Column: What goes up, goes down Aspen Mountain |

Column: What goes up, goes down Aspen Mountain

Dale Strode
The Aspen Times
Dale Strode

Aspen’s propensity for going to extremes is alive and well, weather permitting.

Someone is always willing to push the extremes to extremes.

Witness the first 12-hour endurance uphill race on Aspen Mountain last weekend with its eclectic field of power hikers/runners.

Produced by Red Bull in connection with Aspen Skiing Co., the first Red Bull Rise in Aspen paid a total purse of $6,000 with the men’s and women’s winners each earning $1,250 — that’s some incentive to go extreme.

The field bolted up Ajax from the dawn start at 7 a.m. Sunday at the base of the gondola.

After hiking to the summit, the uphillers rode the gondola to the base, where they repeated the lap.

Again and again.

With uphill legend J.P. Donovan of Incline Village, Nevada, hiking away from the rest of the field, Mother Nature intervened eight hours into the endurance contest.

Sunday afternoon’s thunderstorms forced the shutdown of the Silver Queen Gondola by 3 p.m.

The race was called at 4:30 p.m. with Donovan declared the men’s winner.

He had climbed Ajax eight times (25,600 vertical feet). He averaged a quick 50 minutes, 25 seconds per uphill.

The racers were timed by chip only on the uphill portion of the laps.

Aspen Mountain ski patroller and endurance athlete Max Taam was second with seven completed laps (22,400 vertical). Taam averaged 57 minutes, 5 seconds per uphill.

For the record, the course was directly up Ajax from Little Nell with a vertical of 3,200 feet per lap.

Anna Mae Flynn of Tahoma, California, won the women’s division and was third overall.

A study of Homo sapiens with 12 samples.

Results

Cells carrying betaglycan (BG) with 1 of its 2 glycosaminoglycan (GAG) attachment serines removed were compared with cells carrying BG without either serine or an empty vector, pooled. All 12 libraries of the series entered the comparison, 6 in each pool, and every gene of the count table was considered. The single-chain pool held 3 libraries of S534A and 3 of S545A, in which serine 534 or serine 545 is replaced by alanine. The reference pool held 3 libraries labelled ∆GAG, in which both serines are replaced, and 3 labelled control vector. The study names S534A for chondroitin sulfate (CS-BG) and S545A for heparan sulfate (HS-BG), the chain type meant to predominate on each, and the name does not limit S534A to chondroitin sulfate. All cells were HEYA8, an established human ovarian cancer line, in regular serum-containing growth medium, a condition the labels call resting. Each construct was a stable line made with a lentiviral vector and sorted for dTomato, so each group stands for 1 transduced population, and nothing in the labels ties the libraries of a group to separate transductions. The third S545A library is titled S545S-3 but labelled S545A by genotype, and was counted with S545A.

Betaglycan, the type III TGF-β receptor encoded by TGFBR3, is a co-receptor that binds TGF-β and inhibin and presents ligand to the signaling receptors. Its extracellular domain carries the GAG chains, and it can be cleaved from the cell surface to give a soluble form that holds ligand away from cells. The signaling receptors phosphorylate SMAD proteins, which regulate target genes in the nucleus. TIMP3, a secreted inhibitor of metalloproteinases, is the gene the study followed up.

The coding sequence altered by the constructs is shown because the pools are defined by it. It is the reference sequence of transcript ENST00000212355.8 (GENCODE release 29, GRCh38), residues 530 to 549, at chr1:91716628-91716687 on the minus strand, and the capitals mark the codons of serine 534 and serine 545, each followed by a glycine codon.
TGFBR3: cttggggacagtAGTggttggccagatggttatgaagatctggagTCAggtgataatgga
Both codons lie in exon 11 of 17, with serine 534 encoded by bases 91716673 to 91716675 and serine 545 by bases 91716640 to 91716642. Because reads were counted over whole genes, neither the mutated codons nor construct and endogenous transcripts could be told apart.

She averaged 58 minutes, 33 seconds per climb.

The summer uphill race at Aspen Mountain last week conjured up memories and stories of the winter endurance race held at Ajax during the 1990s — the 24 Hours of Aspen.

That was the Land Rover 24 Hours of Aspen, to be specific.

The event was a 24-hour downhill ski race on Ajax with two-person ski teams competing and representing countries all over the world.

Organizers set up large floodlights at various locations from the summit down Dipsy Doodle, past Lift 3 and Lift 6 and all the way down Spar Gulch.

A huge stadium light box was set up at Kleenex Corner with more lights on Little Nell.

The two-skier teams raced on downhill skis all the way to the base of the gondola, where a snow ramp whisked them right into the gondola loading station.

Volunteers caught the skiers, popped off their skis and sent the skiers back to the top.

The racing went on for 24 hours, coincidentally matching the partying that went on in connection with the 24 Hours of Aspen.

Yes, a 24-hour party followed by a precipitous 48-hour drop in productivity for every volunteer — and there were many, many, many volunteers.

The 24 Hours of Aspen created the legend of Canadian superman Chris Kent, who dominated in the early years of the event while successfully dodging a midnight fox one year and a rabbit the next.

Seventy-five or so laps for the winners.

Countless other legends came to race in the 24 Hours of Aspen.

Some of the best skiers in the world, such as Doug Coombs and Chris Davenport.

And Aspen’s Scott Nichols, who teamed with Coombs one year for the 24 Hours of Aspen.

Nichols and Coombs: Now that’s Aspen Extreme.